Letasha McKoy clears away an opponent's shot, and passes the ball up to Kendri Cesar. Cesar takes the ball and looks for options to pass - maybe up to Alida Bus on the right side, or up the middle to Nicole Lupro.
Basketball or soccer? Soccer or basketball? With these four Juneau-Douglas High School juniors, it could be either.
McKoy, Cesar, Bus and Lupro are two-sport athletes who will be taking to the soccer field this weekend for the Crimson Bears' final regular-season games. Juneau (10-0-1) hosts Ketchikan (1-10-1) for a pair of games - at 8 p.m. on Friday and 6:15 p.m. on Saturday at Adair-Kennedy Memorial Park.
Juneau beat Kayhi twice in Ketchikan last month, giving the Crimson Bears a commanding lead in the four-game season series that decides which Southeast team gets a berth in the state tourney on May 22-24 in Wasilla.
There is an immediate transition from the state basketball tournament to early-season soccer workouts in late March. Girls soccer co-coach Sandi Wagner said the players - and the soccer program - benefit from the skills and a higher fitness level acquired in other sports.
"I've always been a proponent of having kids involved in multiple activities," Wagner said. "It makes them a better athlete - more well-rounded - and it gives them different perspectives."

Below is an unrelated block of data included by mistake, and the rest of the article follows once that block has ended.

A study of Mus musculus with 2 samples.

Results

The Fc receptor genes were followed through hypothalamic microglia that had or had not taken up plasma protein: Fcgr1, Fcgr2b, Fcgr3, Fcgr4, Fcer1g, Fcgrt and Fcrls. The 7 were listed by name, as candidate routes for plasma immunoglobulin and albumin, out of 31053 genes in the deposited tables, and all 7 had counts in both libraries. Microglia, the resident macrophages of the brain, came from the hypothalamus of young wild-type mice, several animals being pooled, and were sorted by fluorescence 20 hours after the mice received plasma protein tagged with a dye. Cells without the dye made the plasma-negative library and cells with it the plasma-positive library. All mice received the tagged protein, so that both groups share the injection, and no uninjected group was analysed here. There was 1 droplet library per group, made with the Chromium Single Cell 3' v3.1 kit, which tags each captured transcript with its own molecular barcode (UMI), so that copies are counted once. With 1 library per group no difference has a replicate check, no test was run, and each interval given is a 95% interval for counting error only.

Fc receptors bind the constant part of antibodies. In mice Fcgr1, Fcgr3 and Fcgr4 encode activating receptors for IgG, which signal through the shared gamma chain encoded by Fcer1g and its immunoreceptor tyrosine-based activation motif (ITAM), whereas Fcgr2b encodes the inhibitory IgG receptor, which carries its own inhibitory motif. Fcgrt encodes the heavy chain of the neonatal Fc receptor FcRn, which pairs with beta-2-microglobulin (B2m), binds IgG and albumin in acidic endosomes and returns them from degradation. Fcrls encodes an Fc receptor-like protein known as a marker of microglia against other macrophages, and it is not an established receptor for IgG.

The four hoops players are far from the only multi-sport athletes on the girls team. Senior Callan Janowiec was named the Gatorade State Player of the Year for volleyball after leading the Crimson Bears to a state title last November. Other players run track and cross-country.
But only the basketball players have the seamless transition from one season into another. While the hoops season requires more sprinting, and the soccer season more distance and endurance running, there is no doubt the four juniors come into the spring at a good fitness level.
"From the beginning of soccer season, we're in shape," McKoy said.
And the players' roles on each team have many similarities. Cesar directed the basketball team's offense from her point guard position, and she does the same as a center midfielder on the soccer team.
"Point guard runs the floor, and while center midfield has other midfielders (to share duties), it's still the same position, distributing the ball around," she said.
In both sports, McKoy excels in defending the goal. And Bus and Lupro run out front, passing the ball in to teammates or, sometimes, moving into the center spot and receiving a pass to score.
In soccer "I'm always on the wing, getting the ball to the inside," Lupro said. "And on the basketball court, that's what I do."
The benefits of playing two sports are not a one-way street from winter to spring; Bus said her field awareness from soccer carries over to the smaller basketball court.
"You're able to see the field better, to see the open man," she said.
Ketchikan is coming off an 0-3-1 road trip in Southcentral Alaska, and the Kings feature several of their own hoops-to-soccer players, including senior Anne Elliott.
Juneau was quite dominant against Ketchikan in their first two games of the season, and the Crimson Bears don't want any letdown in their last home games of the season - and last home games ever for nine seniors.
"We need to keep possession of the ball and play like we know we can play," Lupro said. "We need to ... play to our full potential."
Andrew Krueger can be reached at firstname.lastname@example.org.